LONDON • Ferrari have threatened to quit Formula One after 2020 if the sport's new owners take it in a direction contrary to the Italian sportscar maker's interests.
Ferrari chairman Sergio Marchionne told analysts on a conference call that while he supported cost-cutting, there were other strategic issues under discussion that could force F1's most successful team to consider racing elsewhere.
"It (Formula One) has been part of our DNA since the day we were born," he said on Thursday.
"But if we change the sandbox to the point where it becomes an unrecognisable sandbox, I don't want to play any more."
Asked how he would feel about being the chief executive who led Ferrari away from F1, he replied: "Like a million bucks because I'll be working on an alternative strategy to try and replace it. More rational one, too."
Ferrari are the only team to have been in Formula One since the first world championship season in 1950 and are the most glamorous, even if they have not won a championship since 2008. They have accumulated a record 228 race wins, 16 constructors' championships and 15 drivers' titles.
It has long been accepted in F1 that the Monaco Grand Prix and Ferrari are the two central pillars of the sport's success, and their current share of the revenues reflects that special status. Ferrari earned US$180 million (S$244.8 million) this year - the most of all the teams - despite finishing third in last year's constructors' championship.
ON THE SAME TRACK
Unless we find a set of circumstances, the results of which are beneficial to the maintenance of the brand in the marketplace and to the strengthening of the unique position for Ferrari, Ferrari will not play.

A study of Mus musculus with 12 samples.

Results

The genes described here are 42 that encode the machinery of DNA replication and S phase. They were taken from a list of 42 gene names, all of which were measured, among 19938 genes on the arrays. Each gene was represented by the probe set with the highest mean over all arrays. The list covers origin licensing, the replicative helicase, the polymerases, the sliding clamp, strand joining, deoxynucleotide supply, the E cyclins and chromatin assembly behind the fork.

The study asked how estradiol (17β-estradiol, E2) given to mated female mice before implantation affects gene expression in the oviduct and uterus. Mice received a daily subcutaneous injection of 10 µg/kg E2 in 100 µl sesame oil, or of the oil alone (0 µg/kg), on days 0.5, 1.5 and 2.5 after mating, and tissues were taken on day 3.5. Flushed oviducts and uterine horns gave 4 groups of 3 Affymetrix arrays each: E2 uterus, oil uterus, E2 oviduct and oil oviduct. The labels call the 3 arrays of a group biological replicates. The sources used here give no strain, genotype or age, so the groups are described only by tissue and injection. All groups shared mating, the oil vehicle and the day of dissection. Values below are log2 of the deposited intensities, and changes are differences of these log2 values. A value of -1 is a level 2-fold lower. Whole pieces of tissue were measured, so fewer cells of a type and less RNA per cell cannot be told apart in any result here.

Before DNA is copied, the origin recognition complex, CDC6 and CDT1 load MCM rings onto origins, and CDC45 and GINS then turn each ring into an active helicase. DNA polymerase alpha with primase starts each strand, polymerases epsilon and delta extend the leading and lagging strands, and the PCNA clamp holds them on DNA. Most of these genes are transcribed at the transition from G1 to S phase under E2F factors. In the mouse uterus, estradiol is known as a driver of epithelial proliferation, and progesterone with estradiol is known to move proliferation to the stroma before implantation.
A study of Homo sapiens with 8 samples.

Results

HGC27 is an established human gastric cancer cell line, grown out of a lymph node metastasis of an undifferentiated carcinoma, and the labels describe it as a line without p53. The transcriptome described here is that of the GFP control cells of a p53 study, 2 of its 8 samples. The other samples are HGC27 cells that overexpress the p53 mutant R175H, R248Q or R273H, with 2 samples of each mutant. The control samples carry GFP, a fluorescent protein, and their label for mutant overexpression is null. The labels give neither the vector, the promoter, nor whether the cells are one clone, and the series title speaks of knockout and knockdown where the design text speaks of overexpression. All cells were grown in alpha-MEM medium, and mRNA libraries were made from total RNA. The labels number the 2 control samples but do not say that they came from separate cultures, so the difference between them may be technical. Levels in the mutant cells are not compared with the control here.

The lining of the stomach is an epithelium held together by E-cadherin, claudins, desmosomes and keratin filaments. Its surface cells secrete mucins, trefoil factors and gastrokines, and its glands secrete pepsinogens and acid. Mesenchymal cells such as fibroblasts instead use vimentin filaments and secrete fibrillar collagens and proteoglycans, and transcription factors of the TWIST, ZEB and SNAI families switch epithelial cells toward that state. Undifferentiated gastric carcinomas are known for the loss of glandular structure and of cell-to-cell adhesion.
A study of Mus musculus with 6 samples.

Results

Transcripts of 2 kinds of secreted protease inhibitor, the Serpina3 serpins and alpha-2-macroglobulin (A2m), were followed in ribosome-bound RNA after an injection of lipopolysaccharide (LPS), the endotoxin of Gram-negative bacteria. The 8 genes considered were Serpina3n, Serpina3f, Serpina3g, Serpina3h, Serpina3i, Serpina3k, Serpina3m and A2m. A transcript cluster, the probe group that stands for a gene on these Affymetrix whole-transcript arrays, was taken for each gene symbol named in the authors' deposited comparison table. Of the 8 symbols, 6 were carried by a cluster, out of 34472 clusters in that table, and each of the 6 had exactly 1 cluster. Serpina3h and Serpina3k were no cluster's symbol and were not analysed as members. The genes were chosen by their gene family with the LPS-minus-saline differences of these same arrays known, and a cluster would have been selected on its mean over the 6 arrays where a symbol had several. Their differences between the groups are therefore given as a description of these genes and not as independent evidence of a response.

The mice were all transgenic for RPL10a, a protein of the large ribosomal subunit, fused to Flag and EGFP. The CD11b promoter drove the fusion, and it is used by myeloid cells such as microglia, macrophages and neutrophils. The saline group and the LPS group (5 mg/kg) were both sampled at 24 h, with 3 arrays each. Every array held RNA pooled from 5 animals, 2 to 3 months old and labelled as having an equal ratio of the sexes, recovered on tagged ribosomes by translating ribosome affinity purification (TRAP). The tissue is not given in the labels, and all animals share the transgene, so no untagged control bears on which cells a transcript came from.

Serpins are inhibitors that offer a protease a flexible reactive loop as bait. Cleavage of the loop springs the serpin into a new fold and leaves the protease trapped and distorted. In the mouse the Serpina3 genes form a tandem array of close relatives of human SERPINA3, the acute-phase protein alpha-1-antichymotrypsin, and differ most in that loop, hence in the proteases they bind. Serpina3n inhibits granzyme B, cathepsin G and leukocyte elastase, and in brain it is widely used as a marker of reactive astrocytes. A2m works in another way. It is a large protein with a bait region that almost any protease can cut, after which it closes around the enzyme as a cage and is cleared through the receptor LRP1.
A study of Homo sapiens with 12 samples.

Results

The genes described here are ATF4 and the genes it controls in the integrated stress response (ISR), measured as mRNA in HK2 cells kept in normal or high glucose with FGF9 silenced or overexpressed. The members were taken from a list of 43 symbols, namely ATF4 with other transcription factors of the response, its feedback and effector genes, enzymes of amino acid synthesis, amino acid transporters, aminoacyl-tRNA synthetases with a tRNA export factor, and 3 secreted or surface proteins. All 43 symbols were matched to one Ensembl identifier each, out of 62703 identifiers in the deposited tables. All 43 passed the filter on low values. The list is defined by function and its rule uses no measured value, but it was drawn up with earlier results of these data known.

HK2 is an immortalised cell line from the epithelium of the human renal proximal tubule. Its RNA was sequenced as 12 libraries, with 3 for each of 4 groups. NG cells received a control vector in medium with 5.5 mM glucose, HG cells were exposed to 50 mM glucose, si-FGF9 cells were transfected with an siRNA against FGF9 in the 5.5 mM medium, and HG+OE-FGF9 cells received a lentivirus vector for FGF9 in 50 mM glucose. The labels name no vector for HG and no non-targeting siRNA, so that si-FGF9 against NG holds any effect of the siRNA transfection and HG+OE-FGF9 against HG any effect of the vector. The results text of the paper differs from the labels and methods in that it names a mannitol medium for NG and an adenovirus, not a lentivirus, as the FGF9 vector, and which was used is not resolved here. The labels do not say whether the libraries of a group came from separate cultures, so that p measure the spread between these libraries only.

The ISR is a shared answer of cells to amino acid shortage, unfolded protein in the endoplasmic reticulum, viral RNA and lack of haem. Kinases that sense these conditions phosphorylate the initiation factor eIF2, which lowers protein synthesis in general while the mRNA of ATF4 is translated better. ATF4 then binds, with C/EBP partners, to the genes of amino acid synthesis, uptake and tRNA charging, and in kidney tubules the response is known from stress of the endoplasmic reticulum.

SERGIO MARCHIONNE, Ferrari chairman, on how Liberty Media's plans must align with his team's vision.
F1 has been under new ownership since January, with US-based Liberty Media taking over the commercial rights and ousting the former supremo Bernie Ecclestone.
Liberty wants to level the playing field and rebalance revenues once the current agreement with teams expires at the end of 2020.
Proposals for a new, cheaper and simpler engine were presented in Paris on Tuesday and there is another meeting of the sport's Strategy Group next Tuesday to discuss other changes.
"Liberty has got a couple of good intentions in all of this, one of which is to reduce the cost of execution for the team, which I think is good," said Marchionne.
But he said Ferrari, celebrating the company's 70th anniversary this year, and Liberty appeared to be "somewhat at odds in terms of the strategic development" after 2020.
"I think you need to be absolutely clear that unless we find a set of circumstances, the results of which are beneficial to the maintenance of the brand in the marketplace and to the strengthening of the unique position for Ferrari, Ferrari will not play," he said.
He added that he would not pre-judge anything.
"We're walking into this meeting next Tuesday with the best of intentions, we'll see where it takes us," he said.